France’s National Rail service (SNCF) was convicted on appeal last Wednesday of discrimination against over 800 employees, mainly from Morocco.
Baptised Chibanis (‘white hair’ in Moroccan Arabic) by the media due to their advanced age, the men were recruited as railway workers by the SNCF in the 1970s. After 12 years of court procedures, the 848 plaintiffs will receive reparations for the discrimination faced throughout their careers to the tune of €230.000 each, according to their lawyer.
As ‘contractors’, they executed tiring and dangerous work for lower pay than their French counterparts. They were not afforded benefits such as healthcare or free railway circulation, nor did they receive training or opportunities for career advancement.
These discriminatory effects were keenly felt when they reached retirement age in the early 2000s, when it became apparent that their pensions were drastically smaller by comparison.
Moroccan employees would have to work “ten years more than the other railway workers to have the right to half the pension their colleagues received,” plaintiff Brahim Ydir told AFP.
The decision on Wednesday was met with hugs, smiles and tears. 77-year-old Ahmed Katim, President of the Association of Morrocan railway workers—and ex-SNCF employee—told Leïla Khouiel from Le Bondy Blog:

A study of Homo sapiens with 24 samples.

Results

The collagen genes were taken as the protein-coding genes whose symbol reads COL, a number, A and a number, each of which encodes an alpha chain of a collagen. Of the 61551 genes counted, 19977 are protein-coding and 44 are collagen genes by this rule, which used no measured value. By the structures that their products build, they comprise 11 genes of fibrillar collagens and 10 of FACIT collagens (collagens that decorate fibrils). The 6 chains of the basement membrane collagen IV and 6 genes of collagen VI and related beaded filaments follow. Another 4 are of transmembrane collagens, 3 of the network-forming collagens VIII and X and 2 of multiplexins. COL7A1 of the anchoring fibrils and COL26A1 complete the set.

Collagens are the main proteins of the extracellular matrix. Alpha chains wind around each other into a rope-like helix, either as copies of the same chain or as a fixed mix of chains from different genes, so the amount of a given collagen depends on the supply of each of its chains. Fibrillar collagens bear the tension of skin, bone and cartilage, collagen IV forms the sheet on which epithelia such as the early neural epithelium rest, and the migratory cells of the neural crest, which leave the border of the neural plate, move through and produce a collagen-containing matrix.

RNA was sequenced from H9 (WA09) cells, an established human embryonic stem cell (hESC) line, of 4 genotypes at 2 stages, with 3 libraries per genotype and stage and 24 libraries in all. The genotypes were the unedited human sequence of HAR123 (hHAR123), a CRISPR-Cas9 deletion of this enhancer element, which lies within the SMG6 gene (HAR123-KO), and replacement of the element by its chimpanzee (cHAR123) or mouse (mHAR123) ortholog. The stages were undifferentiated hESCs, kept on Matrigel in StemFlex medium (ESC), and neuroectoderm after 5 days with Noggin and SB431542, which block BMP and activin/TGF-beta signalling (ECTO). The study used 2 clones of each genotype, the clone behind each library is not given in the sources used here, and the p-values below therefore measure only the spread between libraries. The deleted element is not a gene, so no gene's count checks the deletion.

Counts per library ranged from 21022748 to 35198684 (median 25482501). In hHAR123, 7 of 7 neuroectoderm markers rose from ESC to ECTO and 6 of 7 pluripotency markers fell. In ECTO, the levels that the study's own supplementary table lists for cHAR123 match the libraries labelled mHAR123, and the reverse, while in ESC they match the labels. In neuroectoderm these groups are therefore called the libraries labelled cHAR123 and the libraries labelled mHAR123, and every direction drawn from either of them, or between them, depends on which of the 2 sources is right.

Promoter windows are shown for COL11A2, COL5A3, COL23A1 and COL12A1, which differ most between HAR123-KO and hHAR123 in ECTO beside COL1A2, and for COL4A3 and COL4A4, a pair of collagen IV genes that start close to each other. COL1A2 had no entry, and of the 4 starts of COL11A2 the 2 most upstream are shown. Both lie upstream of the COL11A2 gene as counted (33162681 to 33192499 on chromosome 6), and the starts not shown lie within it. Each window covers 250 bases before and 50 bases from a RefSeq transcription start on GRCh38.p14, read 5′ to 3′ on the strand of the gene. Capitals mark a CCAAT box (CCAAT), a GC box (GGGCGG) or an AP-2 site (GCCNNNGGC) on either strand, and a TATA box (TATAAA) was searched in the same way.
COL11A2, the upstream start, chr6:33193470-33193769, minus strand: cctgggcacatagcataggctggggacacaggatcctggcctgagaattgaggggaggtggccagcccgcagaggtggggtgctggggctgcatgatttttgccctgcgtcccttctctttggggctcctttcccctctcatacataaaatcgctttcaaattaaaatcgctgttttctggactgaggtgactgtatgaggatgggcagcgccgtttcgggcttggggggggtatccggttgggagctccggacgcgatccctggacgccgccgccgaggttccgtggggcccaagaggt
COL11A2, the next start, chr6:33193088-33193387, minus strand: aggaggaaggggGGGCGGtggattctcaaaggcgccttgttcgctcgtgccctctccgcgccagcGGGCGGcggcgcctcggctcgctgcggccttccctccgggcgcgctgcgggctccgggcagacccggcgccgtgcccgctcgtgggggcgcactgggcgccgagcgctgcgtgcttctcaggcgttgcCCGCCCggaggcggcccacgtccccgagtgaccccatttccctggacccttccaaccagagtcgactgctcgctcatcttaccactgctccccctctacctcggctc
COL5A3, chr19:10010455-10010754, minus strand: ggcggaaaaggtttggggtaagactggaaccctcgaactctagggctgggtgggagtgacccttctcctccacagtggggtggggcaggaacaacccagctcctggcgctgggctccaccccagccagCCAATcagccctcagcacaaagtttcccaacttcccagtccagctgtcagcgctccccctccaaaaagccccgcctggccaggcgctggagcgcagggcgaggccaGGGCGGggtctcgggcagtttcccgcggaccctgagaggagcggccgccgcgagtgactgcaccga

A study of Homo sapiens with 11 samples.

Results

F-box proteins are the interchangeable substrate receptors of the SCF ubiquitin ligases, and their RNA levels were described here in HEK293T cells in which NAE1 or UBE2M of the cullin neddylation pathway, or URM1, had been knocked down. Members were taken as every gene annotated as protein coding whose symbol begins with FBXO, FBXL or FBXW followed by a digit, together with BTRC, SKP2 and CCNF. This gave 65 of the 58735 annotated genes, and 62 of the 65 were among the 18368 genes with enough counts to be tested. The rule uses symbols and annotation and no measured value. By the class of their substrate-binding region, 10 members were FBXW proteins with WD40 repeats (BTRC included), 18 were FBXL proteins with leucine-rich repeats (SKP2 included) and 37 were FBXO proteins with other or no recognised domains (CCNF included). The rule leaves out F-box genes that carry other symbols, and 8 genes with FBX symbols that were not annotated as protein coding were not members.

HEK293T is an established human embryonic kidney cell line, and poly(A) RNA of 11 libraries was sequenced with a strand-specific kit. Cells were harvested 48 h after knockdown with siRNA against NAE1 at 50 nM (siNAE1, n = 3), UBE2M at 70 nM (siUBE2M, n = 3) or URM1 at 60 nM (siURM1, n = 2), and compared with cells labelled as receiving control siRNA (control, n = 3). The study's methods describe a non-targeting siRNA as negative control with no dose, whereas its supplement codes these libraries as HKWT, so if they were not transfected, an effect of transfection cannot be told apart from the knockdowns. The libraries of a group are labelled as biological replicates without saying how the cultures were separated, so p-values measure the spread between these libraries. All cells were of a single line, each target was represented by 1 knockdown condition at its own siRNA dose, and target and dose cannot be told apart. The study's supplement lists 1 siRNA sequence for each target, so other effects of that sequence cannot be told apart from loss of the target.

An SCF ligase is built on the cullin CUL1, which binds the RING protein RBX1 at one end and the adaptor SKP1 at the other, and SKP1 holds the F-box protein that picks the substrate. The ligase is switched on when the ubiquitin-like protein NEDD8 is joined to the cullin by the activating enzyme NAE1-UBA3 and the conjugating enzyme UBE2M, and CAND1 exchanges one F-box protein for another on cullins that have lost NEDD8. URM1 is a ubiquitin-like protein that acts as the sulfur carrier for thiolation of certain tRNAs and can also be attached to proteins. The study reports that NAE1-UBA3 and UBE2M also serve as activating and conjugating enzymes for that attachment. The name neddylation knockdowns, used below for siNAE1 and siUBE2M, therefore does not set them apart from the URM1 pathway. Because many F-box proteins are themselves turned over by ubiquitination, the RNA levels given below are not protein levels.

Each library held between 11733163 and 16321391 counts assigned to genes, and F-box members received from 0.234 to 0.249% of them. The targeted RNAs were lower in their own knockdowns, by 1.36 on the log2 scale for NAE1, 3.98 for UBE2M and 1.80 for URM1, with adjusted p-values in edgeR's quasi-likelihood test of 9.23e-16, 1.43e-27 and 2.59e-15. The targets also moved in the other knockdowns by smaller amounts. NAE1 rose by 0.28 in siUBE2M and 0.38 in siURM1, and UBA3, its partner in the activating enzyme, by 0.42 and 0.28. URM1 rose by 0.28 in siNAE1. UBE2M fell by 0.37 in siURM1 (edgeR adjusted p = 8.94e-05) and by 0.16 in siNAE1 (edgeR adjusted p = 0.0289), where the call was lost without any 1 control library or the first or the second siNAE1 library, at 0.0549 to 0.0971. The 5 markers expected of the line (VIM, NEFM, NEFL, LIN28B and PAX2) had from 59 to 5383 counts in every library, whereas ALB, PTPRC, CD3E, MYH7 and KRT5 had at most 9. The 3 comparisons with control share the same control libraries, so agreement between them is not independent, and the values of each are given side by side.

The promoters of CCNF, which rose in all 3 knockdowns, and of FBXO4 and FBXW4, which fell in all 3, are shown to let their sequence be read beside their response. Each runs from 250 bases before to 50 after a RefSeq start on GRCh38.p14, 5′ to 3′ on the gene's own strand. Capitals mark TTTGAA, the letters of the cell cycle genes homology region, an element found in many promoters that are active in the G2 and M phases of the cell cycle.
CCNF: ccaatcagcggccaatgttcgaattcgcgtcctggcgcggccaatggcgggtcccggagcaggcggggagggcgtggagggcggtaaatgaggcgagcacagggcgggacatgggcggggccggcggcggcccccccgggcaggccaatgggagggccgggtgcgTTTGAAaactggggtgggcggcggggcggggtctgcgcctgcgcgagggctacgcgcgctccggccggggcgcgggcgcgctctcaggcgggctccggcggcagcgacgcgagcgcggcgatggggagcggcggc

I fought for the dignity of all the ex-SNCF employees, Moroccan, Algerian, Senegalese… I’m proud of them! They trusted me. We didn’t do this for the money, we’re all old. What are we supposed to do with this money? We won our dignity back, that’s what we fought for together, that’s what I put my life, my children, my work aside for…
Lawyer Clélie de Lesquen-Jonas added that on top of upholding the 2015 decision, the courts recognised a ‘moral wrong’ had been done to the Chibanis, for which the SNCF will have to pay additional retributory damages, reported French newspaper Le Monde.
The Parisian court’s decision to reject the appeal marks a precedent in collective justice for post-colonial populations. There were too many plaintiffs to fit in the courtroom–in these cases, Western European legal systems are literally overwhelmed with the quantity of people wronged. Whilst focus must also be on preventing these appalling infractions from happening in the first place, this case provides a glimmer of hope that others might receive an appropriate reaction to the suffering caused by colonial crimes over many centuries.
The SNCF said it would look at each of the more than 800 cases individually, and reserved the right to a possible appeal to a higher court, according to AFP.